Birth trauma changes your personal landscape for pregnancy, and birth announcements, forever. Never again will your friends be able to tell you that they are being induced, or scheduling a caesarean, because you will feel the urge to save them. But you can’t.
That ball of anxiety you can feel in the pit of your stomach, when your friend or loved one makes the same “choices” you made, is called Vicarious Trauma. It’s like being re-traumatised, again and again, by experiences that aren’t physically your own.
No matter how much good advice you give, or how many studies you share to debunk the recommendations of an over zealous care provider, she will follow her own plan. It may or it may not end well, but however it ends, you’ll probably feel rotten.
Not only is in invalidating when a friend ignores our dire warnings, but whether she ends up having a textbook eight hour labour, or the full cascade of interventions and surgery, those of us with trauma will have shattered nerves by the time the birth announcement comes.
Beyond the physical outcome though, there is her emotional response. She may be perfectly happy with the result, which is like another big whack with the invalidation stick. Or she may indeed, feel deeply traumatised, but of course you won’t find satisfaction in that either.
Many women with trauma feel wretched when their friend has a straightforward labour, not because they wished ill upon their friend, but because it makes them question the way their bodies worked under similar circumstances.
But women are amazing. When a friend’s birth goes to hell in a handbasket we never have the urge to say “I told you so”. Often our own trauma has been so triggered that the best thing we can do is beat a hasty retreat and wait for the friend to reach out to us. Sadly, far too many women silence their pain with The Healthy Baby Lie, and your friend may be one of those women. Which in turn adds to your own trauma yet again by invalidating you. Why is SHE ok with the healthy baby, why aren’t I ok with that!?
So here are a few tips for managing vicarious trauma:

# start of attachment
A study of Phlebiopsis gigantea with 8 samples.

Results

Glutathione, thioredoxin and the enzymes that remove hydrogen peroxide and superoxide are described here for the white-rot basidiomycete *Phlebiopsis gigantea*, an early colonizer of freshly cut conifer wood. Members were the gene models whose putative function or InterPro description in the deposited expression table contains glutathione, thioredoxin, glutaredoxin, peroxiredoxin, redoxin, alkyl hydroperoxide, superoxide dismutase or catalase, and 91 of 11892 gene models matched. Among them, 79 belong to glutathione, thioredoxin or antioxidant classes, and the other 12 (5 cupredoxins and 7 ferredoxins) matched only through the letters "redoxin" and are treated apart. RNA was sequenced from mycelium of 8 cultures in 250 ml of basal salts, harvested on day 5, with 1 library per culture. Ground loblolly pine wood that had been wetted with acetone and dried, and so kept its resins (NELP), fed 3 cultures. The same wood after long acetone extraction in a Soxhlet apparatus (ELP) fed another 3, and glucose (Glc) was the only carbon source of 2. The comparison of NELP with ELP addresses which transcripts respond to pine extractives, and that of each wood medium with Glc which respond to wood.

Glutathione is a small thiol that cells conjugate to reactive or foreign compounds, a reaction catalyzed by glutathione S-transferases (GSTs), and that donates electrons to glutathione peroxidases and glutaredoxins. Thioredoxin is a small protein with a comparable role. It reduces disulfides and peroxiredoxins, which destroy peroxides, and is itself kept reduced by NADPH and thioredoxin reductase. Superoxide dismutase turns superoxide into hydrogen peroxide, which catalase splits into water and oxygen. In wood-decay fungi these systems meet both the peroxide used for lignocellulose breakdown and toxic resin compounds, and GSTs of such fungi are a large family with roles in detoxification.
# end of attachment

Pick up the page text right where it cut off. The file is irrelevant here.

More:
- Remember that YOU are physically safe now, your emotions are all over the place, but you ARE safe at this very moment. Tell yourself that as many times as you need.
- Offer advice and information but be aware that your friend may want to continue on the path she is on with no diversions. That’s ok, it’s NOT because she doesn’t trust you, it’s because that’s what women do during pregnancy.
- Tell her it’s ok for her to make decisions about her health – very few people will ever tell her that. It’s likely that everyone will be patting her on the head and telling her to “just do what the nice doctor says”. Tell her that you will love her no matter what she chooses.
- Once you’ve made information available to her, step back. Just smile and nod, no matter what she says. Practice your most sympathetic nodding and just keep on keeping on. If everything falls apart she will know she can go to you because you already told her that you supported her.
- Remember that it can take a few months for feelings of grief and trauma to surface so NEVER press a friend about it, especially not in the early days or weeks. Take her a meal, help her to enjoy the early days of mothering, and just wait. Hopefully, if she does reach out to you, your vicarious trauma will have settled.
- Find a healthy way to express your feelings – usually a birth trauma group is the best place, there are lots of them on facebook! Give yourself permission to feel however you feel without assigning your feelings any value. Feelings are never wrong or right.
So if your friend rings you up to tell you about her birth plans, and they’re plans that led you down a dark path, remember that it’s ok to feel anxious, angry, lonely, sad, scared, or anything else. It’s normal to feel a whole range of things, when the people we love, are potentially in danger. Do what you need to do to get through the hours waiting for her birth announcement. Have no expectations of yourself and how you will feel, because the nature of trauma is unpredictable, and vicarious trauma is perhaps the greatest evidence of that.